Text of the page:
7 days left to give a child an OX laptop
November 20th, 2007

child with laptop
There is an old saying among people who are veterans of confronting the problems of the world’s children: You only save one child at a time. For all the commenting, analysis, discussion and opining about the current OLPC promotion, it wonderfully meets the wise criterion of that saying. If you want to give a one child an OX laptop, click here, and do it by November 26.

1 - ok

What exactly is a laptop saving children from?

2 - John L

Judy, the OLPC project is a good start in the right direction, but we can do better. NComputing is delivering mass computing for a fraction of OLPC’s cost.

Computerworld Magazine said recently: “Forget the OLPC… the NComputing device can be manufactured for just $11 for its X300 model, which can support up to seven users, and $35 for the L200 model that can support up to 30 users.” NComputing has hooked up over 1/2 million kids to date.

I think we’ll continue to see more and more in this direction, including cheap “village wireless.” Perhaps one of the main structural hurdles is leadership: many of these corrupt governments have an interest in keeping their people / villages cut-off from the outside world.

As to the question in the first comment, my view is that because a laptop is a connection to the internet, it saves a child who does not otherwise have access to the internet from both isolation and ignorance.

I agree with the second comment that there will be a variety of individual computers. The OLPC has, I think, done a great deal to speed the access individual young students have to online knowledge — to learning skills, information and ideas. If only in raising awareness of the possibility for a child to have such a device, the OLPC project has already done significant good. And one child at a time it is fulfilling that possibility.

4 - jeannie

“……….What exactly is a laptop saving children from?…………”

Answer: ignorance

5 - ok

Judy …

Negroponte has also said that the OLPC is a mass immunization program against ignorance. But ignorance of what?

This isn’t a trivial question, since curing the world of ignorance sounds a lot like the mission of the missionaries.

We are certainly ignorant of many things that third world cultures value. What would the U.S. do if another country decided to cure them of their ignorance?

More importantly, ignorance focuses on the content the children will have access to when the real impact of these laptops will be the ways in which they completely reshape the social, political, and spiritual fabric of their society – for good and for bad regardless of the content.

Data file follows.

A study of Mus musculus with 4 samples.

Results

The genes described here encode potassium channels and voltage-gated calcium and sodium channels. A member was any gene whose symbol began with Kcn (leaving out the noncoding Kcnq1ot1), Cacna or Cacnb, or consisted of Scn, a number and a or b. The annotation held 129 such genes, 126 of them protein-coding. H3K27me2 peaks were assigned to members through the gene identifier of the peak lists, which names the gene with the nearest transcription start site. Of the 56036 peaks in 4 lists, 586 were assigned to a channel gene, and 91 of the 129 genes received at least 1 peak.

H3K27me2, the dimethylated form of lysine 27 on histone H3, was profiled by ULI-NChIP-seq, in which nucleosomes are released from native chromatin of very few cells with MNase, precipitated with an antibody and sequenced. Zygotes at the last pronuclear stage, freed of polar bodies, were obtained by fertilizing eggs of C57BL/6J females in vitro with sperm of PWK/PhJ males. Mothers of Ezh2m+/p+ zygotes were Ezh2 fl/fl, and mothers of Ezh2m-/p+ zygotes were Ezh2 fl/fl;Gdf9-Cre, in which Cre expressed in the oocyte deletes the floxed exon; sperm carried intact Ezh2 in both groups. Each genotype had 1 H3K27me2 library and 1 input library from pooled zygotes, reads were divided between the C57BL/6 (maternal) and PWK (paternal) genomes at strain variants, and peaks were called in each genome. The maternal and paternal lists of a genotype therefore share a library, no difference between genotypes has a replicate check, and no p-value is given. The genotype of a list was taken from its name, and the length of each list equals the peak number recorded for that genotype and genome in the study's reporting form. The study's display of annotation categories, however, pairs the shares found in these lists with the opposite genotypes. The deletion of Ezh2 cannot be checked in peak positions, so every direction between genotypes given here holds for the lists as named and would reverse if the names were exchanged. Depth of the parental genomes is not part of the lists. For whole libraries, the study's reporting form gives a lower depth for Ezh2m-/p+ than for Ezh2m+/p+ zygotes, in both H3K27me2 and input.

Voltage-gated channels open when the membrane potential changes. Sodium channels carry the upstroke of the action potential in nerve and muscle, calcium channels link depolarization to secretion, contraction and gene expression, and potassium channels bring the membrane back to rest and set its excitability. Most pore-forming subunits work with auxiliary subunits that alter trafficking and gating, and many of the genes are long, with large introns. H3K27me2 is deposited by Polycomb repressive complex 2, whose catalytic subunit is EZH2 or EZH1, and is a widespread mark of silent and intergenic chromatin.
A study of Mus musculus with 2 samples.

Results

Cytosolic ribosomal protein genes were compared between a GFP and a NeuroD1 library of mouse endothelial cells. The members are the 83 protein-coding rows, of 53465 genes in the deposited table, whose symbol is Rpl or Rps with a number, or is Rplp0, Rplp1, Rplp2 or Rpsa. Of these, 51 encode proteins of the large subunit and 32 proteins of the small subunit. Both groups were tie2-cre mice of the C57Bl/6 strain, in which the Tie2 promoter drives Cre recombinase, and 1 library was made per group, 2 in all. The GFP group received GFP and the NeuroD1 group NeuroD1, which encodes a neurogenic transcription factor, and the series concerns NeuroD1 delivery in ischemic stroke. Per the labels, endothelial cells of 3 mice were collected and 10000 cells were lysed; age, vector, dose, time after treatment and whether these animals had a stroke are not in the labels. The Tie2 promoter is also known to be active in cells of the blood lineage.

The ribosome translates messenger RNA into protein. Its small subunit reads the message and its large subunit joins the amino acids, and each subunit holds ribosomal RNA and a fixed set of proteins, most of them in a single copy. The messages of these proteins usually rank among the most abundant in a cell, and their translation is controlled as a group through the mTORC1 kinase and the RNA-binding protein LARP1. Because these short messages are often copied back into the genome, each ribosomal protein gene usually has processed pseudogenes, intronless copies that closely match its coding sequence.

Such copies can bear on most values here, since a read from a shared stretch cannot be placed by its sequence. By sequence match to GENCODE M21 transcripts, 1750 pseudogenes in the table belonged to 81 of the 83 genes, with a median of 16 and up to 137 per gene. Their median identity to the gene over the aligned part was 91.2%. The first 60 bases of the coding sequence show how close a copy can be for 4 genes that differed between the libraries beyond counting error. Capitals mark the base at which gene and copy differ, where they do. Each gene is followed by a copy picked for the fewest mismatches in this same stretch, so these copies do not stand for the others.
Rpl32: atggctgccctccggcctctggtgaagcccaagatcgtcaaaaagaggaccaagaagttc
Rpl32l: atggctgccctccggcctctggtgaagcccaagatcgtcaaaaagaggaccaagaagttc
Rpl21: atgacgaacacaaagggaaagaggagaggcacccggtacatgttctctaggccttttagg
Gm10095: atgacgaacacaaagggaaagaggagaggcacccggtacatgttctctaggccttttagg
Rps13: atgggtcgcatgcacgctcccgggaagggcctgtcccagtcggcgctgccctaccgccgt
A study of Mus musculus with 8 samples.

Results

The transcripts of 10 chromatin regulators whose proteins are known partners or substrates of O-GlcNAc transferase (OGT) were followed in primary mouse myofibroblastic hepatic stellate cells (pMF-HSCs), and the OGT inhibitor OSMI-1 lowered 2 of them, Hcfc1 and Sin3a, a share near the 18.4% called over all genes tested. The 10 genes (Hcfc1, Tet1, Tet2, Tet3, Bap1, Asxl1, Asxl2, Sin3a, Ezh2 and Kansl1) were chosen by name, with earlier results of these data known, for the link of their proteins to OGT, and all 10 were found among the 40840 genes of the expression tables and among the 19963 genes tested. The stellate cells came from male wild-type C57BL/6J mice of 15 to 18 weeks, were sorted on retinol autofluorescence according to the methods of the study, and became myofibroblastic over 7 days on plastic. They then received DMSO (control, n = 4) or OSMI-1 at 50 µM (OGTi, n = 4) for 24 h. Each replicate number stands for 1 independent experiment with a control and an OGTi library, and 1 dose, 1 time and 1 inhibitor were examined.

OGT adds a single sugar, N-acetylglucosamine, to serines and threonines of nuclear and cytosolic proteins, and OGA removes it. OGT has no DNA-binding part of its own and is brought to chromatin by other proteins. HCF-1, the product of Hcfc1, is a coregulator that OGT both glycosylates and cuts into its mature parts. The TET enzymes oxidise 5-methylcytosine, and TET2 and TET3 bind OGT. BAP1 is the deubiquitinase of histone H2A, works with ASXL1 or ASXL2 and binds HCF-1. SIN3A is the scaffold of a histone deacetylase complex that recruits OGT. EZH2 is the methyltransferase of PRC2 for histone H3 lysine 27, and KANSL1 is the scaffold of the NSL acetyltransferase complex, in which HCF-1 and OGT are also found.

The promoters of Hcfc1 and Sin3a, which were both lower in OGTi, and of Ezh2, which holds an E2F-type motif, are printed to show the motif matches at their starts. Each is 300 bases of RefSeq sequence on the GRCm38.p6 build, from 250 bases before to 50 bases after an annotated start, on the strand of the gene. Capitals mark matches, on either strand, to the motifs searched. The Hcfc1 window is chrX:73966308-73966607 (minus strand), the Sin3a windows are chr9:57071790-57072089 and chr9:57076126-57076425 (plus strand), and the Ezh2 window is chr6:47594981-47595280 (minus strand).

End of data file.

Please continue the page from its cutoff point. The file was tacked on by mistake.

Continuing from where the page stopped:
The range of meaning from from Webster’s dictionary for “ignorance” includes: 1. destitute of knowledge, 2. unaware, uninformed, innocent, guileless, 3. uncivilized, backward, unenlightened.

The OPLC inoculates against #1 and #2. My Mother made this point with the story about fellow in 18th century Africa who ran from village to village yelling the warning “the slavers are coming,” but no one paid any attention, villagers were hauled off to slave camps — because they did not know the meaning of the word “slave.”

The Internet does not take the form of a mission like that of missionaries who seek to convert to a doctrine – or at least not to one doctrine. Everyone has their mission online and all who are connected have access to the same open pages (except where blocked by authorities who do have a mission). My guess and hope is that the children who get the OPLCs and other connections to the Internet will not only learn about other cultures but teach the rest of us about theirs.

Definition #3, it seems to me, is about the “reshaping” mentioned in the final paragraph of the above comment. Certainly it is a very new experience for humankind to expect all children to grow up with shared knowledge and connection to an open network into which anyone can put anything. This is happening, fast! OPLC is a way of bringing more children into the global commons sooner. Perhaps before long a #4 definition of “ignorance” will be: lacking access to the Internet. In my view, that definition already applies, and is already reshaping the fabric of society. OPLC will not become the cause reshaping; it is a device of inclusion.